Saturday, 17 March 2012

T & J Bernard's Old Edinburgh Brewery (part three)

So exciting. We're off to see the tuns. The wonderful tuns of Bernard.

"Leaving this reservoir behind us, we next bent our steps to the tun room, a we descended to a sub-basement under the offices, where our guide satisfied our curiosity.

The beer is conveyed from the fermenting tuns to the flattening squares on the opposite side of the street, by means of a copper pipe laid under the road, and through which there is a copper wire with suckers attached like those used in pumps, by the use of which the pipe is kept thoroughly sweet and clean.

Before leaving this side of the brewery we were taken to the far end of the quadrangle to see the porter vathouse, which contains a vat holding 200 barrels; and a large store or cellar for cleansing stout, which contains the usual vessels for that purpose. Here also is the engine-house, containing—besides a set of three-throw pumps—an overhead crank engine of fourteen horse-power, and near to it three steam boilers, which are planted at the end of an open space used for storing strong ales and porter."
"Noted Breweries of Great Britain and Ireland, vol. 3", Alfred Barnard, 1890, pages 111 - 112.
If you remember the map from earlier, it shows how much larger the premises on the south side of the road were. Given the site, it would have been impossible to extend the old part of the brewery as it was hemmed in on all sides.

You have to wonder just how "thoroughly sweet and clean" that pipe under the road was kept. Sounds like just the sort of place an infection could settle in. It sounds like they were using a variation on the dropping system, with the beer being moved into large shallow squares at the end of fermentation to cool it and remove yeast. The practice seems to have been common in Scotland.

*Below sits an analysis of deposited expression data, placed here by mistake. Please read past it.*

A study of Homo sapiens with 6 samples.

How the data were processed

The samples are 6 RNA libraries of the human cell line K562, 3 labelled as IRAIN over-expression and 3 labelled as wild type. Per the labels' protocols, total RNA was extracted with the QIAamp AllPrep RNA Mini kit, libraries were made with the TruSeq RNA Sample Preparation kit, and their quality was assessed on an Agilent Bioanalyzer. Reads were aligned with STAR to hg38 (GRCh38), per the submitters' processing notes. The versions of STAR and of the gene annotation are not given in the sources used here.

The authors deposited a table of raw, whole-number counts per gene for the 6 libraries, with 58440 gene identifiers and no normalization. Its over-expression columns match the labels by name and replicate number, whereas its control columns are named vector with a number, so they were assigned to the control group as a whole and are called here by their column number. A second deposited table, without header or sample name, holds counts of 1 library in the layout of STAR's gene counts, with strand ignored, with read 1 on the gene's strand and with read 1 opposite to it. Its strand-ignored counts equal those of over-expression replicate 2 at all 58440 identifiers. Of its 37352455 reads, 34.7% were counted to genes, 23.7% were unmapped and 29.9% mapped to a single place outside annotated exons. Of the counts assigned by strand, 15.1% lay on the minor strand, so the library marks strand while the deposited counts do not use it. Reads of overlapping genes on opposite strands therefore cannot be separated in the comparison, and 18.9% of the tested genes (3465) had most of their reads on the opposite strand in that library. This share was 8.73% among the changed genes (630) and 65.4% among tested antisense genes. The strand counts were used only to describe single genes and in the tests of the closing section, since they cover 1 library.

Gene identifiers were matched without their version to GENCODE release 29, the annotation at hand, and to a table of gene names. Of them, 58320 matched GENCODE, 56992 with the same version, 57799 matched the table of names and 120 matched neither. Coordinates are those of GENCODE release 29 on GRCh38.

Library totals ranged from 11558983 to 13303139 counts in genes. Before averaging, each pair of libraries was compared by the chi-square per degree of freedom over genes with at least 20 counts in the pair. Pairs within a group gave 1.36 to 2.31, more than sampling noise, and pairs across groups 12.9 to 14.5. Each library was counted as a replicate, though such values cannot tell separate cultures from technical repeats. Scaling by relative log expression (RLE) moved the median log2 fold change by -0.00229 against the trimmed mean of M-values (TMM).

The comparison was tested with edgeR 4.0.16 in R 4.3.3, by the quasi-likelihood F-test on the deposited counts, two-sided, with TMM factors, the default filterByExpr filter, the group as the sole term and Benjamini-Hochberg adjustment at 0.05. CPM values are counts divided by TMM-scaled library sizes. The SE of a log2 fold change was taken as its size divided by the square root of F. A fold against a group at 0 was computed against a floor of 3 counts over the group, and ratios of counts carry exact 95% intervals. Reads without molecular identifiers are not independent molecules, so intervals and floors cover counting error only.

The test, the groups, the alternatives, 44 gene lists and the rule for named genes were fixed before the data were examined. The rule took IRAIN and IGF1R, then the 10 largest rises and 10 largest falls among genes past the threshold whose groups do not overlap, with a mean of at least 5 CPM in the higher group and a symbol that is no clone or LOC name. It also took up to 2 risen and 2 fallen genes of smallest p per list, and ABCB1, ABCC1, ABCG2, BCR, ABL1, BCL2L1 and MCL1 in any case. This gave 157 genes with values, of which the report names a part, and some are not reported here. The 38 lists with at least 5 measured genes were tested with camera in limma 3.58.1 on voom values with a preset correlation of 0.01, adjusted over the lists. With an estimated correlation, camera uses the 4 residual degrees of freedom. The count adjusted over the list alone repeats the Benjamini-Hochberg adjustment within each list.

I'm surprised at how much specialist Porter equipment they had. Ageing standard Porter in vats went out of fashion (and all but disappeared) in the 1870's. By the time this article was written only strong Stouts would have been vatted.

Now the Pale Ale cellar and racking room:

"Passing under the railway arch which crosses the street at the end of Messrs. Bernard's property, we first entered the pale ale cellar—measuring 228 feet by 118 feet. It contains eight " flatteners," or settling squares, which hold together 600 barrels. They are all fine vessels, and stand on iron columns, a few feet from the floor. In this apartment the ale is racked into casks, which are then lifted by a steam hoist similar to that described in Chapter II., to the two upper floors, and a floor still higher which communicates with the railway. In the centre of this place is the well, 200 feet deep, which supplies all the tanks on both sides of the brewery, the water being pumped thereto by two sets of powerful pumps. Our guide lifted the trap-door and threw a light down far as its rays would reach, to show us the iron ladder by which it is possible to descend to the surface of the water; but we had no wish to explore its mysterious depths."
"Noted Breweries of Great Britain and Ireland, vol. 3", Alfred Barnard, 1890, page 112.
The railway arch is all that remains of the structure Barnard described. It's one of the things that helped me pinpoint the brewery's location. This is interesting. The beer went from fermenter to the settling square  for cleansing. Which means that they didn't have union sets. That's a slight surprise. brewers that were heavily into Pale Ale mostly copied Burton practice and installed union sets. Like William Younger, for example, who were just down the road from Bernard.

Finally, we drop by the cooperage:

"Ascending to the second floor above, the first thing that attracted our attention was the saw-mill, containing two saw benches - one upright and the other vertical - for cutting and shaping staves, etc. On one side were piles of timber and staves, waiting to be manipulated before being sent to the cooperage in the adjoining yard, and at one comer an office for the manager of this department.

We next visited the cask-washing sheds, which are similarly arranged to those described in previous chapters, the cooperage, and the repairing shops contiguous. Thirty men are employed in this yard, of whom twenty are expert coopers, besides a number of boys ; and about 100 men in other departments. Having completed our inspection, we returned to the brewery by another way, after taking a peep at the stables and cart-sheds in the enclosure at the bottom of the hill."
"Noted Breweries of Great Britain and Ireland, vol. 3", Alfred Barnard, 1890, pages 112 - 113.

Barrels were  a major expense for breweries in the days when they were handmade from wood. As the proportion of the workforce employed in the cooperage department indicates: 30 out of the total of 130 workers. The skilled coopers - numbering twenty - would have been some of the best paid manual workers in the brewery.

Next we'll be taking a look at Bernard's new brewery. About which I've a few tales of my own.